A Canadian board of inquiry began its investigation Monday into the U.S. friendly fire incident that killed four Canadian soldiers in Afghanistan.

Eight soldiers were also injured when an American F-16 pilot on a night patrol apparently mistook the Canadians for enemy forces. The pilot thought he was acting in self-defense when he dropped a 500-pound bomb on them in the early morning hours Thursday, U.S. officials have said.

The Canadians were conducting a live-fire training exercise near the southern Afghan city of Kandahar.

The five-member inquiry board, headed by former defense chief Maurice Baril, a retired general, is scheduled to file an interim report with Defense Minister Art Eggleton within three weeks. The final report is expected within 60 days.

Eggleton said he expects the board to travel to Afghanistan soon.

"We've asked them to find out what happened as quickly as they can," Eggleton said.

A separate U.S. military investigation is also being conducted, and Defense Secretary Donald H. Rumsfeld promised full cooperation with Canada.

"Whatever is done will be transparent to the Canadians," Rumsfeld said.

Asked whether access to the U.S. pilot will be granted, Rumsfeld replied: "The Canadian armed services will have observers present in every aspect of it. ... They are conducting a parallel but separate investigation of their own."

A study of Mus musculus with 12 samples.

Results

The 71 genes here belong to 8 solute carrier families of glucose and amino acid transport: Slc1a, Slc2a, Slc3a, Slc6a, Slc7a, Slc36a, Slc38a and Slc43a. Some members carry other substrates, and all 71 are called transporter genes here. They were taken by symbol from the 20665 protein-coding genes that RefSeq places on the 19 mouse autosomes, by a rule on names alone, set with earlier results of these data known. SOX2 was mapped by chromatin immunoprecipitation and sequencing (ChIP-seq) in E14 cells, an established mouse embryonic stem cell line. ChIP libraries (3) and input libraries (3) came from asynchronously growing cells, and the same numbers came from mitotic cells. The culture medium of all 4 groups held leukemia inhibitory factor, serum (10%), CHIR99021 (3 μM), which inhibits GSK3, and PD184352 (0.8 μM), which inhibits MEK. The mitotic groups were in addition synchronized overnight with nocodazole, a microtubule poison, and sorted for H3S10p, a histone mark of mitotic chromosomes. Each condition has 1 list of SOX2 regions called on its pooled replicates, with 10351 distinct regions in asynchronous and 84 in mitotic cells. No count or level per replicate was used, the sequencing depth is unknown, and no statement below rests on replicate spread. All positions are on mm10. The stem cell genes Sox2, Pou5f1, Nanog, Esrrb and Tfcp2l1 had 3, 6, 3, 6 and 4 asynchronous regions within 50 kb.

Canada's inquiry board will include Canadian Brig. Gen. Marc Dumais, who will also sit on the U.S. panel of investigators.

Eggleton said Dumais will be able to question anyone brought before the U.S. investigators. "All of the information that we want will be provided," Eggleton said.

The investigators are expected to determine why the pilot did not know the Canadians were there. All allied troops operating in the Kandahar area are supposed to be aware of friendly forces.

President Bush telephoned Canadian Prime Minister Jean Chretien immediately after the accident. But he touched a nerve in the Canadian press when he made no public comment about the accident Thursday except for a written statement released late in the afternoon.

Friday morning editions of the Toronto Globe and Mail carried a headline that read, "Deaths don't merit a mention from Bush; U.S. indifference."

On Friday, Bush pledged: "We'll find out what happened. It was a terrible accident."